Week 50/2018

CO2: Don't waste it, reuse it!

The innovative CAPHENIA process can significantly reduce CO2 emissions from the transport sector.
The innovative CAPHENIA process can significantly reduce CO2 emissions from the transport sector.
Obtaining CO2 from the exhaust gases of power plants is not a major challenge today. But what to do with the environmentally unfriendly gas? A new process promises nothing less than a revolution: excess CO2 can be recycled as a raw material for synthetic fuels and, as kerosene, make air traffic more climate-friendly.

Enormous savings potential

The Bavarian start-up CAPHENIA GmbH intends to implement precisely this idea: to develop a fuel for aircraft from CO2. In the new CAPHENIA process – to put it simply – natural gas and CO2 are converted into fuel in a reactor with the help of electricity from renewable energies. This can replace petrol, diesel or kerosene from fossil sources. By reusing CO2 emitted by industrial plants, for example, this fuel saves up to 30 percent of CO2 emissions compared to conventional fuels.

 

Synthetic fuels are most valuable in air traffic, where renewable alternatives like those available on the road or on rails are lacking. Electrification of aircraft with more than 100 passengers is not feasible in the medium term. And in contrast to biofuels, synthetic kerosene does not require land that would compete with food production.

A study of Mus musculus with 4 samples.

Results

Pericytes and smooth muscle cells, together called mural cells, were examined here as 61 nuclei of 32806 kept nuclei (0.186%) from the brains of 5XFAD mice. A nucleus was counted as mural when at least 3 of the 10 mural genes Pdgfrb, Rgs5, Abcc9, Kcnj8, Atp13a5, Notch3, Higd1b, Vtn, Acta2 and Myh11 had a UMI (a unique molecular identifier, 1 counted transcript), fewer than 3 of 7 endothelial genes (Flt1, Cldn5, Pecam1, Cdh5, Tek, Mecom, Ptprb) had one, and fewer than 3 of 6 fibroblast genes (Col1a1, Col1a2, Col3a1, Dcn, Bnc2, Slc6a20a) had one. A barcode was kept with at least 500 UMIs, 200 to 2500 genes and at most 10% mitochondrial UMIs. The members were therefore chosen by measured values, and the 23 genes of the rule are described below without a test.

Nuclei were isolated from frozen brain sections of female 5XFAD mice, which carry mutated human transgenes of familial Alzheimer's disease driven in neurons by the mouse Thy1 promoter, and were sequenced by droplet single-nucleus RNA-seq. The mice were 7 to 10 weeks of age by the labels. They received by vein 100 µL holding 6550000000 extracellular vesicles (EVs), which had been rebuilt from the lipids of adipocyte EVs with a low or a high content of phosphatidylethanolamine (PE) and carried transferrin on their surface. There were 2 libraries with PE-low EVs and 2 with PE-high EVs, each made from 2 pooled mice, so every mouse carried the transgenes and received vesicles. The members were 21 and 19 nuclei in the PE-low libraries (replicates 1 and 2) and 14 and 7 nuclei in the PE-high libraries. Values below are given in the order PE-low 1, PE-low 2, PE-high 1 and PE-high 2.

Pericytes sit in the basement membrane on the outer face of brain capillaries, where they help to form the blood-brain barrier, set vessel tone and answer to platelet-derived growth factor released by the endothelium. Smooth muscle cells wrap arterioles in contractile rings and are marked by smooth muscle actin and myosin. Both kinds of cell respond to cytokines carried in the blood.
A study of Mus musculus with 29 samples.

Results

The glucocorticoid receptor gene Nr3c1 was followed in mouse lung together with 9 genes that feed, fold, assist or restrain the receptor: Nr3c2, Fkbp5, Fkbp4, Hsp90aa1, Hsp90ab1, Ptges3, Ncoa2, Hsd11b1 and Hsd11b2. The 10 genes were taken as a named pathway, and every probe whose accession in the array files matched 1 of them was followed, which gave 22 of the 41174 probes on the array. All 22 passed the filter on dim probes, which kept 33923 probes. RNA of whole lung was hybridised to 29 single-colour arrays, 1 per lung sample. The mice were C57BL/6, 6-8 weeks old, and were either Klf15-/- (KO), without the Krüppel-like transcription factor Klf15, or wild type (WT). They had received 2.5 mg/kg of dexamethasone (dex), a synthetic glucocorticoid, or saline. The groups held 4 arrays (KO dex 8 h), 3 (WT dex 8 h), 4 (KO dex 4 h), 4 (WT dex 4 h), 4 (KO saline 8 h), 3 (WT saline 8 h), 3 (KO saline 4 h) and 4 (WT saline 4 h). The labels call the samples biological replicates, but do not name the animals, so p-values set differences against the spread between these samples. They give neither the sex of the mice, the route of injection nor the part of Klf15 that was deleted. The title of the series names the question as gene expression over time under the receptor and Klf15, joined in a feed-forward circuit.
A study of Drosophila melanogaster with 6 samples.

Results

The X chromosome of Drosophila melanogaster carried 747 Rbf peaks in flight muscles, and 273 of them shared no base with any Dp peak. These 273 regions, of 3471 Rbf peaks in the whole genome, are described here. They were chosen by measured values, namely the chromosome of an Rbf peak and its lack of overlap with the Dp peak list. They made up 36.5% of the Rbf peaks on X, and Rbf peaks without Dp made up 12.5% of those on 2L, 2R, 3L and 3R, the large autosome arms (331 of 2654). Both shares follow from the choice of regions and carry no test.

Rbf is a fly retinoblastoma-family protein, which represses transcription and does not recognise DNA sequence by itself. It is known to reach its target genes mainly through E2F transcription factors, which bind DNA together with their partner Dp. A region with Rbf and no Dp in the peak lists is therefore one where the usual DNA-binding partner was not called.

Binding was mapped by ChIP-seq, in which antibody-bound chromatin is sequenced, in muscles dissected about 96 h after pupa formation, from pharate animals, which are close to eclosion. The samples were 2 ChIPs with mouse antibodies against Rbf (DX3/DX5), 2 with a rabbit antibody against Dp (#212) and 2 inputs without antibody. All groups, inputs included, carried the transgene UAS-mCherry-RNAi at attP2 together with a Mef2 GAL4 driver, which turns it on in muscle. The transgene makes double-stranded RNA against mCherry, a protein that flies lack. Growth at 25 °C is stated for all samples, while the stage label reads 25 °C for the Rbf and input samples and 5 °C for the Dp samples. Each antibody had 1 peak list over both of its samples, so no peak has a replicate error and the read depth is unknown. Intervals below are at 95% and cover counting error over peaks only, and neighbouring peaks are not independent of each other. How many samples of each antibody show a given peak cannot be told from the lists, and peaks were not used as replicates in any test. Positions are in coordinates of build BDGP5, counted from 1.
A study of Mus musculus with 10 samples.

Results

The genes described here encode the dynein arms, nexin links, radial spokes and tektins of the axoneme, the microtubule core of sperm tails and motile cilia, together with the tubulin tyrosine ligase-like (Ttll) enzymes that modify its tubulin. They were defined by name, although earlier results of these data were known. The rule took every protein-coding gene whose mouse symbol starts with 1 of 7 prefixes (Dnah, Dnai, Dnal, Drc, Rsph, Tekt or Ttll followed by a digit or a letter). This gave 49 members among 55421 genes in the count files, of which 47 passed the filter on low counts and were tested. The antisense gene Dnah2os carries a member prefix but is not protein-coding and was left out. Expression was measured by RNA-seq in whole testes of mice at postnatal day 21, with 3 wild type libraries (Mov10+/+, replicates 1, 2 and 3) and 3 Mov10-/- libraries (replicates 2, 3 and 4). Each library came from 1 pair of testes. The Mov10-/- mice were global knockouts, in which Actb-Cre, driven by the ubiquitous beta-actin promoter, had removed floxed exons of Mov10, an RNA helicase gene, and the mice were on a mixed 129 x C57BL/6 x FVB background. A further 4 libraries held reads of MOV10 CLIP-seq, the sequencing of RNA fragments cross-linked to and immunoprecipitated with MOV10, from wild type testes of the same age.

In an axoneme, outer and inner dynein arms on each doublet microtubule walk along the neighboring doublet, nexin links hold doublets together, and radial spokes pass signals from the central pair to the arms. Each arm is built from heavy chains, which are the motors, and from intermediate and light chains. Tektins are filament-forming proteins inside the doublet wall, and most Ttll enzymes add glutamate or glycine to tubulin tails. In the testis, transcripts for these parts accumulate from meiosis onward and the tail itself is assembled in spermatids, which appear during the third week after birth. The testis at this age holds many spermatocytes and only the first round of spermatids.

The objectives of aviation are ambitious: aviation aims to halve its net CO2 emissions by 2050 compared to 2005. In addition to increasing the efficiency of aircraft and biofuels, innovative technologies such as synthetic fuels are a promising option. CAPHENIA GmbH is a pioneer in this regard: the CAPHENIA process will be ready for the market in a few years, and the existing infrastructure at airports can generally be used for synthetic fuels.

Testing starts

CAPHENIA GmbH has already registered almost 200 patents in conjunction with the new process. As a next step, a first reactor is planned to test the process on a large scale. For Germany in particular, the process offers the opportunity to once again become a global technology leader. What's more: even the production of the synthetic fuel would be possible in Germany and could create jobs and added value.